TICK SEASON IS IN FULL SWING
Rose Pest Solutions urges vigilance against ticks
After one of the heaviest tick seasons on record last year, Rose Pest Solutions Northfield, a pest management company servicing Chicago’s North Shore and Northwest suburbs, advises anyone spending time outdoors to take precautions against tick bites and the spread of tick-borne diseases, such as Lyme disease and Rocky Mountain spotted fever.
“Whether hiking in the woods this summer or simply taking the dog for a walk through the park, it’s crucial for people to take steps to protect themselves from ticks when outside,” said Steve Ishii, Rose Pest Solutions Northfield Branch Manager. “Once indoors, personal inspection is important because immature ticks are extremely small and hard to spot.”
Ticks, especially blacklegged deer ticks, can be dangerous to humans and pets. They can transmit Lyme disease to humans, as well as dogs and cats. The Centers for Disease Control and Prevention (CDC) describes the symptoms of Lyme disease as fever, headache, fatigue, and a characteristic skin rash called erythema migrans, which forms in the shape of a bull’s eye. According to the CDC, Lyme disease can also affect joints, the heart and the nervous system if left untreated.
Black Legged Deer Tick
Areas of the Midwest, including parts of Illinois near the Indiana border, Wisconsin and Minnesota are high-risk regions for tick activity. When these bugs are thriving, they breed rapidly and can quickly infest properties if precautions are not practiced.
Protect your pets!
Did you know that ticks are the most common pet pests? Protecting our furry “kids” is just as important as protecting ourselves. A lot of times, the pests that attack our dogs and cats end up affecting us when they bring them into the house. And once they’re in the house and off the warm-blooded host, they’re so hard to control. Here are some things you can do to make sure your pets are protected during the season where biting pests are thriving:
- Check your pet frequently for fleas, flea dirt and ticks, especially after the animal has been outside. Keep an eye out for excessive scratching, licking and nibbling grooming behavior in your pet.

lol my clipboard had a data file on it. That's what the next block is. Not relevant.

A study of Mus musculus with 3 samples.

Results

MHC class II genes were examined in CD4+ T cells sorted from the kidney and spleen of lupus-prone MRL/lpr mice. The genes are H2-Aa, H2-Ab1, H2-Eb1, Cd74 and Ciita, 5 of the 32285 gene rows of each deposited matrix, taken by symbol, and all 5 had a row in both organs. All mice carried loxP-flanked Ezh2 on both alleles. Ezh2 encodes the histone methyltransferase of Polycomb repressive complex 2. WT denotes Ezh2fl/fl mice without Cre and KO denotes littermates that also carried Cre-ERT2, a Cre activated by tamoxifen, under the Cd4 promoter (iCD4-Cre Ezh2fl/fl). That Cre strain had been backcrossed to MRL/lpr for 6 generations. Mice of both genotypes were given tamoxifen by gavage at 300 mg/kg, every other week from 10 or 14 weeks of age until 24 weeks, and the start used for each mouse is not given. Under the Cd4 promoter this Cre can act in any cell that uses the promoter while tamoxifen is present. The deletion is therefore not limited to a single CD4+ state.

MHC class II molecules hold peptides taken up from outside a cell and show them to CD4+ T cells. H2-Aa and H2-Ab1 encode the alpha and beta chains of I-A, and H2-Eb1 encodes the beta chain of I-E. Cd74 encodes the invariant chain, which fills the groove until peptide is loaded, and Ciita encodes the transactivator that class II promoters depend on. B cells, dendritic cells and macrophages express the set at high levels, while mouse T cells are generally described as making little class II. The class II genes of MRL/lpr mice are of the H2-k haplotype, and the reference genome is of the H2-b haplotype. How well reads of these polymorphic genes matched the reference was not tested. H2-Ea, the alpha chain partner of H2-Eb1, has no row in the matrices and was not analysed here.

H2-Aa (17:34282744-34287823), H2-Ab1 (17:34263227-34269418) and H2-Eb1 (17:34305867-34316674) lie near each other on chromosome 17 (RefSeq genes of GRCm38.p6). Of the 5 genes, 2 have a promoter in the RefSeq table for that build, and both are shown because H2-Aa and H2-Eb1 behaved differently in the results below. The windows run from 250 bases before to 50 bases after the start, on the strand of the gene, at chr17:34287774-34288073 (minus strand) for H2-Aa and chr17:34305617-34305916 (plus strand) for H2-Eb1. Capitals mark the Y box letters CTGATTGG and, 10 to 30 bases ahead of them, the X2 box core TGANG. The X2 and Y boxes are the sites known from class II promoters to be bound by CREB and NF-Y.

- Avoid walking pets in tall grass where there is a greater chance of fleas and ticks hitching a ride.
- Eliminate sources of standing water in the yard, as these can be breeding grounds for mosquitoes.
- Talk with a veterinarian about prevention and treatment options available to pets and inquire about heartworm protection.
- Treat the animal’s environment. Wash pet bedding and plush toys and vacuum carpets frequently.
- Contact a pest professional to prevent potential or current infestations.
7 Tips on How to Avoid Ticks and Disease
Experts at the National Pest Management Association(NPMA), recommend the following tips on how to avoid ticks and disease:
- Wear long pants, long-sleeved shirts and closed-toe shoes when outdoors, especially in wooded areas or tall grasses. Choose light colored clothing that makes it easier to spot ticks and other insects.
- Wear a bug spray containing at least 20% DEET, picaridin or IR3535 when outdoors, and reapply as directed on the label.
- When hiking, stay in the center of trails, away from vegetation.
- Keep grass cut low and remove weeds, woodpiles and debris, which can attract ticks and other pests.
- Be on the lookout for signs of tick bites, such as a telltale red bull’s eye rash around a bite.
- Learn the symptoms of Lyme disease and other tick-borne diseases, and consult with your doctor immediately if you believe you have contracted it.
- If you find a tick in your home or suspect you have ticks on your property, contact a licensed pest professional who can inspect and recommend a course of action to combat the pest.
How to remove a tick
This advice comes on the heels of a new NPMA survey, which found 62 percent of Americans are using improper methods to remove ticks, increasing their chances of contracting a serious illness. If a tick is found, remove it with a slow, steady pull. Then, wash your hands and the bite site thoroughly with soap and water. Ticks should be flushed down a toilet or wrapped in tissue before disposing in a closed receptacle.